WHO: One million new cases of sexually transmitted infection occurs everyday
There has been no improvement from 2012, when the last data analysis was done. On average, one in 25 people globally have an STI. Sometimes people have recurring or multiple infections.
Annually, 376 million new cases of curable sexually transmitted infections (STIs) occur among people aged 15 to 49 years, estimates the Worth Health Organisation (WHO). This is equivalent to one million cases, every day.
These curable infections are of four types, namely, Chlamydia, Gonorrhoea, Syphilis, and Trichomoniasis.
In 2016, there were 127m new cases of chlamydia, 87m cases of gonorrhoea, 6.3m cases of syphilis, and 156m cases of trichomoniasis among men and women aged 15 to 49.
2016 is the latest year for which there is adequate data. There has been no improvement from 2012 when the last data analysis was done. On average, one in 25 people globally has an STI. Sometimes people have recurring or multiple infections.
STIs are spread through unprotected sexual contact. Some—including chlamydia, gonorrhoea, and syphilis—are transmitted during pregnancy and childbirth. In the case of syphilis, contact with infected blood or blood products can cause transmission. 9,88,000 pregnant women were infected with syphilis in 2016. This led to approximately 2,00,000 stillbirths and newborn deaths.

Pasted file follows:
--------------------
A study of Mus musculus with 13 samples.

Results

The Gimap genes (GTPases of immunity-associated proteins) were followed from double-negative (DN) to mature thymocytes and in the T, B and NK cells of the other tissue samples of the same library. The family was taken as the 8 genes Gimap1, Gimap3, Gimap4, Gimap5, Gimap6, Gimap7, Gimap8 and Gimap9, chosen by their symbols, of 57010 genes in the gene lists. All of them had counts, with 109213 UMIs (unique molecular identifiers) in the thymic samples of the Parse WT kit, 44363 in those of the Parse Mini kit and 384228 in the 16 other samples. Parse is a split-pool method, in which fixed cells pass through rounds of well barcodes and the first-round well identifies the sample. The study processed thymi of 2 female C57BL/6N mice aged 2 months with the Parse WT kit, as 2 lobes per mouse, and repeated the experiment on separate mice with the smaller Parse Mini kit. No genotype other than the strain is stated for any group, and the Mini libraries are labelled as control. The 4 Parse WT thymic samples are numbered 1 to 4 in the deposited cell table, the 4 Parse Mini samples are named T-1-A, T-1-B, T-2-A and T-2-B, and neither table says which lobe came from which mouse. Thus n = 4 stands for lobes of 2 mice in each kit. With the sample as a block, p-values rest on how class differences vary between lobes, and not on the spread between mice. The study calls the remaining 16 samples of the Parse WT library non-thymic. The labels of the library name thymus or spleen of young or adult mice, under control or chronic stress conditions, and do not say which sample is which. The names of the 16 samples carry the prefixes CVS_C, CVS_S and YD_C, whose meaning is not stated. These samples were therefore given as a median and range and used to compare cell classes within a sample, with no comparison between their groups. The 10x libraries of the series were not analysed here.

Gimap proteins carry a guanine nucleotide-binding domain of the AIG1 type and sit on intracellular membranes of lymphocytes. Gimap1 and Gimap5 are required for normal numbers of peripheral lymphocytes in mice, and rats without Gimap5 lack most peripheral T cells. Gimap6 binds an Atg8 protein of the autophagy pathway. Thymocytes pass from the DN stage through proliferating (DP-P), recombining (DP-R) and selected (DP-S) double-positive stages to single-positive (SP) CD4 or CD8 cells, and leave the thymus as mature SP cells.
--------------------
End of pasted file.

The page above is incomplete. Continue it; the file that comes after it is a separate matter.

Over 30 different bacteria, viruses, and parasites can be transmitted through sexual contact. Of these, eight pathogens are linked to sexually transmitted diseases and four are curable. The other four—hepatitis B, herpes simplex virus (HSV or herpes), HIV, and human papillomavirus (HPV)—are viral infections and are incurable.
The majority of STIs have no symptoms or only exhibit mild symptoms which are often not recognized as stemming from an STI. With increasing drug resistance, there is a major threat to reducing the impact of STIs worldwide.
Dr Peter Salama, the executive director for universal health coverage and the life-course at the WHO, said: “We’re seeing a concerning lack of progress in stopping the spread of sexually transmitted infections worldwide. This is a wake-up call for a concerted effort to ensure everyone, everywhere, can access the services they need to prevent and treat these debilitating diseases.”